The latest version of the old “dolphin assisted therapy” scam has pregnant mothers going to a resort in Peru where two captive dolphins supposedly make their unborn babies more intelligent by communicating with them in dolphin-squeak.
But this particular version of the scam may be worse than useless; it could even be dangerous.
The Delfines Hotel, which is built around a pool where two dolphins spend their entire lives being touched and harassed in exchange for food, has managed to persuade not only the gullible new-age crowd, but even the mainstream U.S. media, to promote it as a mecca for dolphin lovers. According to Time.com:
Delfines Hotel has an attraction unlike any other in South America: dolphins. This modern five-star hotel in San Isidro is home to two dolphins that frolic in an indoor pool. The hotel’s bars and restaurants are centered around the dolphin pool for good viewing. Insider Tip: The hotel sponsors a dolphin-research institution off site, while caring for the two animals kept in the pool. Guests can get hands-on experience assisting the caretakers at feeding and play time.
“Caring for” the dolphins? Just like when 14-year-old Elizabeth Smart was kidnapped in Salt Lake City by a man and his wife who forced her into unnatural behavior for a year before being arrested and sent to prison for 15 years. Perhaps, at some enlightened future time, our society will respond this same way to people who kidnap nonhuman animals and keep them as prisoners, requiring them to perform for their audiences.
Along with sponsoring polarity therapy, art therapy, Fruit therapy vinotherapy and “counseling”, a new age outfit called Mind Body & Soul promotes dolphin therapy as “enhancing” the development of an unborn infant.
Wayra and Yaku’s trainer says the high-pitched sounds stimulate a part of the human brain connected to relaxation.
And what do scientists who aren’t on the payroll of the dolphins’ owners say about this? Professors Lori Marino and Scott Lilienfeld, research psychologists at Emory University, evaluated the methods used by people claiming to have demonstrated the effectiveness of dolphin therapy. (Their articles are here and here.) They found that none of claims met even the minimal standards of medical clinical trials.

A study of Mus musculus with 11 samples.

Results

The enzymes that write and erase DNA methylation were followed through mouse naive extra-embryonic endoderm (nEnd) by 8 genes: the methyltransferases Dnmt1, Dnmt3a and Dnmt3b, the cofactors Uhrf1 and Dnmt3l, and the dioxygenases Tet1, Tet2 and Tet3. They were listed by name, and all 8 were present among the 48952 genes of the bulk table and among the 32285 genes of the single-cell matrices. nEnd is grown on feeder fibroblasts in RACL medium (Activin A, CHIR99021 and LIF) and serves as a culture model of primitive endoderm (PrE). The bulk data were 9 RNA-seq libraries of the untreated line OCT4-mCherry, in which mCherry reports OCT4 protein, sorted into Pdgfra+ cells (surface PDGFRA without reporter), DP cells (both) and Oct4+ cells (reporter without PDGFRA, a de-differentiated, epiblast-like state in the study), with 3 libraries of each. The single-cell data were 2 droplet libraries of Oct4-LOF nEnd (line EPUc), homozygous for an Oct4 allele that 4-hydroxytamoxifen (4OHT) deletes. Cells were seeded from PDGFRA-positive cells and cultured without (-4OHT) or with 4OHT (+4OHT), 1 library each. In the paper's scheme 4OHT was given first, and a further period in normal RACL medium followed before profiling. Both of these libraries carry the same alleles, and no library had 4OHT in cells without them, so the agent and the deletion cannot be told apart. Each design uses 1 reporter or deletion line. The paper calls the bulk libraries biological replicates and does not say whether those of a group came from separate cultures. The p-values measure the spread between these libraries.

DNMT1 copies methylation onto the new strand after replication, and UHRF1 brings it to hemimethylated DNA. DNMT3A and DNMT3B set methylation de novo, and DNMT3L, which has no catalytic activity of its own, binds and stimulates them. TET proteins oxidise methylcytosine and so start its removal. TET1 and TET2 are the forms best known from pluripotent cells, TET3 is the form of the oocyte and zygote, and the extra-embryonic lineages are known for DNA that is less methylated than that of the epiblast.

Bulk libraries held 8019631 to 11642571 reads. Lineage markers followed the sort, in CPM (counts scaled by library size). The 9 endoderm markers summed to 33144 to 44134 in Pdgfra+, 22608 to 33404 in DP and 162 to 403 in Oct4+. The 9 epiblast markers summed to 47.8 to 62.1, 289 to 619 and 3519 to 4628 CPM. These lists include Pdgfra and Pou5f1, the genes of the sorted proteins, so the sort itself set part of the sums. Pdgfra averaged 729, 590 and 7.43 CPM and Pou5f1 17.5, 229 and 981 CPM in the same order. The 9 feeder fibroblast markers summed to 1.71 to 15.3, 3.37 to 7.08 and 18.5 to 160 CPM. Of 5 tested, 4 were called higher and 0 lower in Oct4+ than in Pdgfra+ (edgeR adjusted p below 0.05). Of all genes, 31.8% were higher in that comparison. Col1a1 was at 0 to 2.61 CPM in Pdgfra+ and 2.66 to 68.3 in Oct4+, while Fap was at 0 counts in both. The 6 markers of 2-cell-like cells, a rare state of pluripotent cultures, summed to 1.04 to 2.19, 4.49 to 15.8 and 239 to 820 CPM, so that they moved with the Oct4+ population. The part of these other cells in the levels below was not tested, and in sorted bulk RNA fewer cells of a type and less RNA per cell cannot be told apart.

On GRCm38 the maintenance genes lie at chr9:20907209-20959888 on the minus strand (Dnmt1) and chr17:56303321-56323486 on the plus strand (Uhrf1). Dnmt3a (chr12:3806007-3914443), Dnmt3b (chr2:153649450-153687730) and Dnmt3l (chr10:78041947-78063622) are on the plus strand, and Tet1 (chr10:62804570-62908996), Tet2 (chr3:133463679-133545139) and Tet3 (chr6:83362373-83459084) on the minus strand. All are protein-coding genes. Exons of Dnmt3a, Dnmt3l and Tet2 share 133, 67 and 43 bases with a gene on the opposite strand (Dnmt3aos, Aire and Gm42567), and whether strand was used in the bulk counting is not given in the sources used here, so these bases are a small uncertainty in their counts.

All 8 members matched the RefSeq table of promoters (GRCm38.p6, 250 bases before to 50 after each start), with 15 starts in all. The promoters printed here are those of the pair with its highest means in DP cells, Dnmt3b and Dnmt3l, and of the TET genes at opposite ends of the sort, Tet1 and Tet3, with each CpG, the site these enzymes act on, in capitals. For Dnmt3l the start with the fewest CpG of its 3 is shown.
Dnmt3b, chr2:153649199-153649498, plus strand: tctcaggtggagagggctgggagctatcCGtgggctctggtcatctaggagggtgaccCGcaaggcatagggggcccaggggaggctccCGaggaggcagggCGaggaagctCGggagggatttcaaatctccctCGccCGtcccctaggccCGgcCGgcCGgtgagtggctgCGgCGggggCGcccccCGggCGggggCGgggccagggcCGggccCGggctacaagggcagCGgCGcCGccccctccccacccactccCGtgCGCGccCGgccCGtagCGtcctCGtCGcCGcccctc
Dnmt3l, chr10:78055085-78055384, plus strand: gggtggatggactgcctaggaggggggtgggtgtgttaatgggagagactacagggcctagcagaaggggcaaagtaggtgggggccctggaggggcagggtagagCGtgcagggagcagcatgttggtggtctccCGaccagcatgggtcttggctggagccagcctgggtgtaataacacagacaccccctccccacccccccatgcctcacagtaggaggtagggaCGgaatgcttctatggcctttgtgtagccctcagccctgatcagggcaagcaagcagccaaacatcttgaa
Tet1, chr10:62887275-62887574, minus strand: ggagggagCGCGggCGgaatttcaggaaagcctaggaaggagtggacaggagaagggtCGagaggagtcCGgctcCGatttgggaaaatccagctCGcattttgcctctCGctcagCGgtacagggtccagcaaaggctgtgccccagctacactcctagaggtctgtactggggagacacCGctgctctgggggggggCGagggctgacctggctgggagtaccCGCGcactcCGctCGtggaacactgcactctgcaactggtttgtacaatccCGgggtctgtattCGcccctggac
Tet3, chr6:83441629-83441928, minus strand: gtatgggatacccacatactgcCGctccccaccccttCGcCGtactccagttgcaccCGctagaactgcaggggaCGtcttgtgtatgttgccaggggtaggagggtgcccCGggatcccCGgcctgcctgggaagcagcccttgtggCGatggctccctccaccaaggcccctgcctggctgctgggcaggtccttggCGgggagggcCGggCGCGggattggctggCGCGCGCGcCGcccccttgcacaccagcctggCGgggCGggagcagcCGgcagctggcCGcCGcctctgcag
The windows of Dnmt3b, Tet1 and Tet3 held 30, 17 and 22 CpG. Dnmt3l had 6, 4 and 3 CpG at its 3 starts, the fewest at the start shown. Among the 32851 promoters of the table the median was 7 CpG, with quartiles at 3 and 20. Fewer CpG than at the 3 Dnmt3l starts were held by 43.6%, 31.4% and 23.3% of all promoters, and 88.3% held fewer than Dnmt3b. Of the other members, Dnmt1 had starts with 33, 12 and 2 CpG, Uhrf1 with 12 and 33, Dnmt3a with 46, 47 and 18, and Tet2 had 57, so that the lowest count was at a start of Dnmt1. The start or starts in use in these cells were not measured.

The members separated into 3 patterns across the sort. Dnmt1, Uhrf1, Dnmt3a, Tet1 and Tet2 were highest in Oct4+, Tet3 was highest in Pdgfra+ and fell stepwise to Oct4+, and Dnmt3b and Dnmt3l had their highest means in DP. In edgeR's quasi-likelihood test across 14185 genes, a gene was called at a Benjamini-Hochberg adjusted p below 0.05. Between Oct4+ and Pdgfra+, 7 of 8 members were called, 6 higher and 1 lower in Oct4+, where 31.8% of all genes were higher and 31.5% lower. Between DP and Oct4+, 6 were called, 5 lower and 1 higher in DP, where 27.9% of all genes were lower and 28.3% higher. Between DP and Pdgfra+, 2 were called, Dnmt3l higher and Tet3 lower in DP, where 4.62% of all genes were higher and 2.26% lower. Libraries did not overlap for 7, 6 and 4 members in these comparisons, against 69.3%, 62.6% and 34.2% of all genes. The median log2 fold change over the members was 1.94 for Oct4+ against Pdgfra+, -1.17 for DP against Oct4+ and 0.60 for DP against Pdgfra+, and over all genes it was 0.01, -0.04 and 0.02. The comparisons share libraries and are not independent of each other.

And Prof. Hal Herzog, author of the book Some We Love, Some We Hate, Some We Eat; Why it’s so hard to think straight about animals, has also evaluated the supposed benefits of dolphin assisted therapy.
Dolphin therapy is a magnet for desperate parents who will pay whatever it takes to help their kids with disorders like autism and Down syndrome. They flock to the more than one hundred therapeutic Swim-With-Dolphins programs in the Florida Keys, Bali, Great Britain, Russia, the Bahamas, Australia, Israel, and Dubai, hoping that, through some unknown force, the sleek creatures with Mona Lisa smiles will work their magic on broken minds and tormented souls.
The claims made about the curative powers of dolphins are over the top: interacting with dolphins, it is said, can alleviate Down syndrome, AIDS, cranial sacral disorders, epilepsy, cerebral palsy, autism, learning disorders, deafness, and now coma.
Among their presumed healing mechanisms are bioenergy force fields, the high frequency clicks and grunts that dolphins use to communicate with each other, and even the ability to directly alter human brain waves.
What accounts for the sometimes-positive testimonies of parents who have paid thousands of dollars in advance for this “therapy”?
Placebo effects, wishful thinking, and simply having a new experience are more plausible explanations for the supposed improvements seen in dolphin therapy patients than hypothetical “bio-energy force fields.”
Think about it. In addition to hanging out with some of the most appealing creatures on Earth, you travel to beautiful places, spend time floating in tropical seas, and live in a supportive environment where your expectations for success are high.
But objective observations tell it like it is. At one resort in Florida, researchers watched as groups of mentally and physically handicapped children interacted with captive dolphins:
They found that most of the dolphins ignored the children, and there was not much ultrasonic dolphin talk going on. In fact, the children were exposed to an average of only 10 seconds of dolphin ultrasounds during each session, not nearly enough to be beneficial. The researchers concluded that the kids would have been better off playing with dogs.
There have even been stories of children being injured by dolphins who were clearly fed up with their unpaid job.
As for the notion that pregnant women and their babies gain some real benefit from having dolphins emit ultrasonic waves at close range, Prof. Marino is not just skeptical; she’s actively worried for the babies. Asked for her opinion on this latest “therapy”, she responded:
Not only is there is absolutely no evidence that dolphin echolocation enhances brain development, there is a chance that the high frequency sound waves could be damaging to a developing fetus. What mother would take that risk?
As for the two dolphins at the Delfines Hotel, they’d be a lot happier communicating with each other’s unborn babies, out in the great ocean where they belong.